Getting Rid Of Unsightly Hickeys Just Got Easier

Here's a question: when was the last time you got a hickey? We know, they're so high school, right? Obviously, we know them as those little purple sucker bites you get after a hot makeout sesh, but what exactly is a hickey? More importantly, what's the point of giving one? Hickeys are formed by breaking the small blood vessels in your neck known as capillaries, Healthline explains. As for their purpose, people use hickeys as a way of marking their territory — it portrays to others that your person is taken. 


When your partner gets a little too frisky and starts sucking on your neck, they disrupt those capillaries, causing them to leak blood that gets trapped under your skin. This creates that purple bruise we all know and love. Fortunately, they only last a week or two, just like any other bruise, except you may want to cover up this one. Still, the best part is that there are easy ways to get rid of them.

Reach for some aloe vera, and vitamins E and C

Yes, aloe vera helps soothe sunburns, but it also has healing properties that can reduce the look and feel of that stubborn hickey. The plant possesses anti-inflammatory chemical compounds, which work to bring down the swelling, per Penn Medicine. Additionally, aloe vera can help relieve any pain you might be feeling (depending on how hot that makeout sesh really was). You can also get rid of hickeys using a lotion that contains vitamin C, which can repair broken skin tissue surrounding the broken blood vessels, according to research published in the scientific journal Antioxidants.


As the broken skin tissue regenerates, it will help strengthen those blood vessels, making it easier for your hickey to properly heal and disappear. Now, keep in mind neither of these solutions will make the hickey disappear overnight. It's a slow process, but the aloe vera and vitamin C can bring you some comfort until the bruise is completely gone.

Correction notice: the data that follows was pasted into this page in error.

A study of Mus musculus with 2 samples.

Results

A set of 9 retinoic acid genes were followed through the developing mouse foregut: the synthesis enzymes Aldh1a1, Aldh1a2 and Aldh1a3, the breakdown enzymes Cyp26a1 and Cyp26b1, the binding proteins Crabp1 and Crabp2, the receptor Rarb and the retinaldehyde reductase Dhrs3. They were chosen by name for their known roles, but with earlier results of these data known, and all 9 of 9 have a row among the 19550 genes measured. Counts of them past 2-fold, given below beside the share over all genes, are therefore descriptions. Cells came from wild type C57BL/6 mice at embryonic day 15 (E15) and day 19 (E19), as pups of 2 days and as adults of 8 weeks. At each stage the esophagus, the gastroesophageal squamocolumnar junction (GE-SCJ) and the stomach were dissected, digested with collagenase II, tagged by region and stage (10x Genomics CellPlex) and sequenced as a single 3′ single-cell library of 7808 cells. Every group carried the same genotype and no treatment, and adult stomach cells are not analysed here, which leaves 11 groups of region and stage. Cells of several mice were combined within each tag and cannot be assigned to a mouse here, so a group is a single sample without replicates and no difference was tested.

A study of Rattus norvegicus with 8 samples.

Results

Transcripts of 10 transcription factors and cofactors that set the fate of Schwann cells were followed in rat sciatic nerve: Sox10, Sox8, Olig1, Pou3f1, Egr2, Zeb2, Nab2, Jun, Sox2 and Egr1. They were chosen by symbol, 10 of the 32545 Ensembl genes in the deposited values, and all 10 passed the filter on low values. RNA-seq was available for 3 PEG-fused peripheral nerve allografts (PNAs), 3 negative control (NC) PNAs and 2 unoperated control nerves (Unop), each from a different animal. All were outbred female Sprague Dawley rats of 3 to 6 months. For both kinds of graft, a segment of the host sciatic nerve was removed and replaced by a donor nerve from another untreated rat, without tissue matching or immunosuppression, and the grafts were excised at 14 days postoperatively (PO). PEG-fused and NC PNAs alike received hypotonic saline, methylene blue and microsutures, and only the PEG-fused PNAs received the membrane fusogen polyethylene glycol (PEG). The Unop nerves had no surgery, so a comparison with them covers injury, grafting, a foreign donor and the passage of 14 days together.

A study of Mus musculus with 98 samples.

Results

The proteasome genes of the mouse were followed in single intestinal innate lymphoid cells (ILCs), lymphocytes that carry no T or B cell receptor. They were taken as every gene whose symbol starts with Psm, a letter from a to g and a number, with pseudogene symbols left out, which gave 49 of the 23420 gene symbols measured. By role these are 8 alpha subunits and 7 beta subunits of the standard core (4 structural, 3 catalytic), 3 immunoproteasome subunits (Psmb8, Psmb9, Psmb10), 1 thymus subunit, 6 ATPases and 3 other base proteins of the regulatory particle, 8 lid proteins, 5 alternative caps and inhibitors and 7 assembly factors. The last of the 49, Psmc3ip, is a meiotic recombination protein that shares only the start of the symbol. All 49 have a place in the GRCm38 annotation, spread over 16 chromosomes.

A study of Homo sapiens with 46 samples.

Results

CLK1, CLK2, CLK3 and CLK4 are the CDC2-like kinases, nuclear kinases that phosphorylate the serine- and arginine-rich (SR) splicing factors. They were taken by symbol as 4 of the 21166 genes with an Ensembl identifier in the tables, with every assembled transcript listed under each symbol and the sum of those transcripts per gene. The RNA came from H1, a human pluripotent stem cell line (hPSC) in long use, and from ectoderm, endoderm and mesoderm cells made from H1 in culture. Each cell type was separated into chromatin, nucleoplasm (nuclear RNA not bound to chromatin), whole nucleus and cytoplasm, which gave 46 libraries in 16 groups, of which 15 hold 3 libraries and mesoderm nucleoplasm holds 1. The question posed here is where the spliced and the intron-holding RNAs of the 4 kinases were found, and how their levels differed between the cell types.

Alternate between a cold and warm compress

If you ever injured yourself as a child — whether you twisted your ankle in soccer or fell off your bike — your parents probably rushed to get a cold compress to reduce the swelling. Well, besides decreasing swelling, cold compresses can reduce the amount of blood leakage from those capillaries we talked about earlier. The cold temperature makes the blood vessels constrict, which puts a halt to that leakage, Lecom Health explains. The quicker you're able to apply the compress, the better. You'll be surprised how quickly the size of the hickey goes down. 


However, using a cold compress on its own can't heal those broken blood vessels, which is where the warm compress comes in. Hot temperatures help to get the blood circulation back to its normal state, says Vinmec; however, it's important to wait a couple of days after applying the cold compress to switch to the warm one. If you alternate too soon, you risk bleeding and bruising, which may increase the size of the hickey. 

All that being said, if you aren't getting results with either of these methods, grab your trusty concealer and cover it up.